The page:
INTERVIEW: Buying organic food: Is it necessary?

RICHMOND, VA (WWBT) - Here is something else more expensive, organic food. It's supposed to be more healthy, but is it necessary? Dr. David Boyd is a family practice physician and one of our neighborhood health watch doctors, and he's here to talk more about the difference between organic and non organic fruits and vegetables.

Ryan Nobles: You say sometimes it's worth it to spring for the organic products. When is that? 

David Boyd: That's right. Ryan. An easy way to think of it is what's known as the dirty dozen. The dirty dozen is essentially fruits and vegetables that have a peel that we eat. These are going to be your apples, peaches, berries and so forth. Another way to think of it, those really should be the ones you spring for. Another way to think of it is the clean 15. Clean 15 are going to be your fruits and vegetables that you have a peel that you don't necessarily eat, like bananas, mangos, avocados and such; those you can save some money on and buy the traditional non-organic ones. 

Ryan Nobles: We have a list of these up on our screen. Let's go back into the control room to this list of ones that are high in pesticides so people can take a look at them again. We see them there. Explain to me what the dangers are. If you eat these fruits and vegetables on a regular basis that are high on pesticides.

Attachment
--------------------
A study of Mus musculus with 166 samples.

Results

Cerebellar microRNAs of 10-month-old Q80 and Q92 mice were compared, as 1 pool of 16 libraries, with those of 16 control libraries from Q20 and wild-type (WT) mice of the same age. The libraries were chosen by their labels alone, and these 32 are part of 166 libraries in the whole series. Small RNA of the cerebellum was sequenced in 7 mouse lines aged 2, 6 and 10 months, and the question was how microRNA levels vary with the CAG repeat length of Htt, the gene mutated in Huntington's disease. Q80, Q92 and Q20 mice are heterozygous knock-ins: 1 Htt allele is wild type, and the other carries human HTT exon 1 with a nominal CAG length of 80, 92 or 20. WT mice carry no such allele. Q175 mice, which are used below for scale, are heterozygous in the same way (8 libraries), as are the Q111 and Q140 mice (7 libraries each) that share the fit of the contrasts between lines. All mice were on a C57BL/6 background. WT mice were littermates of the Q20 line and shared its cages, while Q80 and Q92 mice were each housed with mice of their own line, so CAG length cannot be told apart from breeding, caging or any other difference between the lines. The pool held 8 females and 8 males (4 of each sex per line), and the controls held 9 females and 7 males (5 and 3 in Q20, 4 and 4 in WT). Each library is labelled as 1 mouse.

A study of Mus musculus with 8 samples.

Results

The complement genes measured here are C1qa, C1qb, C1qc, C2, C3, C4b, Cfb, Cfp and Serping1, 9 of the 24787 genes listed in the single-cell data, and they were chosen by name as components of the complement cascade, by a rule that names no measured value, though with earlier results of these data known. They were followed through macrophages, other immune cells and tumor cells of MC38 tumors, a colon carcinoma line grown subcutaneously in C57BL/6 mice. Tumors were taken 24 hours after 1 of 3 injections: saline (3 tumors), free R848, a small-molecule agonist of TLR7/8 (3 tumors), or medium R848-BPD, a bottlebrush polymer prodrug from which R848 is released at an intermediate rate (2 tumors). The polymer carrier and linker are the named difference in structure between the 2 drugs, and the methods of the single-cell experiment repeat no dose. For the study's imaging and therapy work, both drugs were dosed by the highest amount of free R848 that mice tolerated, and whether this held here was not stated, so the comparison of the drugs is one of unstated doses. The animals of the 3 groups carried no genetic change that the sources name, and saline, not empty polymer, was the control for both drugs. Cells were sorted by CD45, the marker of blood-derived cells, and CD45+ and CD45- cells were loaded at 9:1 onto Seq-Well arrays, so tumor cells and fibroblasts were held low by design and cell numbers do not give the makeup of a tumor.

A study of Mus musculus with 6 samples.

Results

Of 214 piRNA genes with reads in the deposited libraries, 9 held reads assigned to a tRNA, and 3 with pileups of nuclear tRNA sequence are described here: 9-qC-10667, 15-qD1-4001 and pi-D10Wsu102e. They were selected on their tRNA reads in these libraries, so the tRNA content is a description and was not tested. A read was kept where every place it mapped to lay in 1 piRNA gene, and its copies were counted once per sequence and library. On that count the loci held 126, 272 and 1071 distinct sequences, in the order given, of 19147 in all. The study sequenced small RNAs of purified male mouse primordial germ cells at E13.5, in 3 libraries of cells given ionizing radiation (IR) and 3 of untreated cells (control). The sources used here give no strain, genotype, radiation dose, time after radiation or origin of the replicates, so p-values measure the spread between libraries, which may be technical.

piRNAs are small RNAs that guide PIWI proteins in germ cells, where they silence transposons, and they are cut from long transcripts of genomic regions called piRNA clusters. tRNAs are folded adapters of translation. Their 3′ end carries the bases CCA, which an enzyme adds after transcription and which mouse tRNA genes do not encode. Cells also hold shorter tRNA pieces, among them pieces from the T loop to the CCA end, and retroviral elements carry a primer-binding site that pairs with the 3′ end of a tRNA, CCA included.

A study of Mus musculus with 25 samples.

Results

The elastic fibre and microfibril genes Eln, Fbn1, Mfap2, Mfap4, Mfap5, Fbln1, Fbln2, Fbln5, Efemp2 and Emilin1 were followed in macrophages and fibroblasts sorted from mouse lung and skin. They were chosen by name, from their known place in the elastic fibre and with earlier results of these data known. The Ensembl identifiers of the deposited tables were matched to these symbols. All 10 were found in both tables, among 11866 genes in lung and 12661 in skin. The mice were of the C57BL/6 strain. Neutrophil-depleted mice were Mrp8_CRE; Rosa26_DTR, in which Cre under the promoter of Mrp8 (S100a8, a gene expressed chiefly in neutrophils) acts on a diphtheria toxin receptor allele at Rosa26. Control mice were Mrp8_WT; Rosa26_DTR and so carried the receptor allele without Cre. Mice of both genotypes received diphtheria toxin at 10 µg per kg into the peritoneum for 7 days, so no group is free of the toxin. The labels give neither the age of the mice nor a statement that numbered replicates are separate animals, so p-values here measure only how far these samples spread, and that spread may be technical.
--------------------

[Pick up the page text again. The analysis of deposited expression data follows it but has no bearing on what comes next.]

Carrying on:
David Boyd: Its simply that they have a higher pesticide residue. The studies aren't really complete on it, but there is speculation that because they have a higher amount of pesticides, they could potentially cause some health problems. 

Ryan Nobles: So if you can avoid it, you might as well.

David Boyd: You might as well.

Ryan Nobles: As we look at the ones that are lowest in pesticides again, you mentioned -- explain to me again why this particular group of fruits and vegetables there isn't as much risk. Is it because growers don't use as many pesticides on these anymore? 

David Boyd: Not necessarily. Things like corn and bananas, for example, because we don't eat the peel, you're not going to get as many pesticide residues. 

Ryan Nobles: Is it always a good idea to wash the fruits and vegetables off with water. Does that make a difference at all? 

David Boyd: It absolutely does. 

Ryan Nobles: All right. Dr. David Boyd, thank you for being here.

See the video at right for the full interview.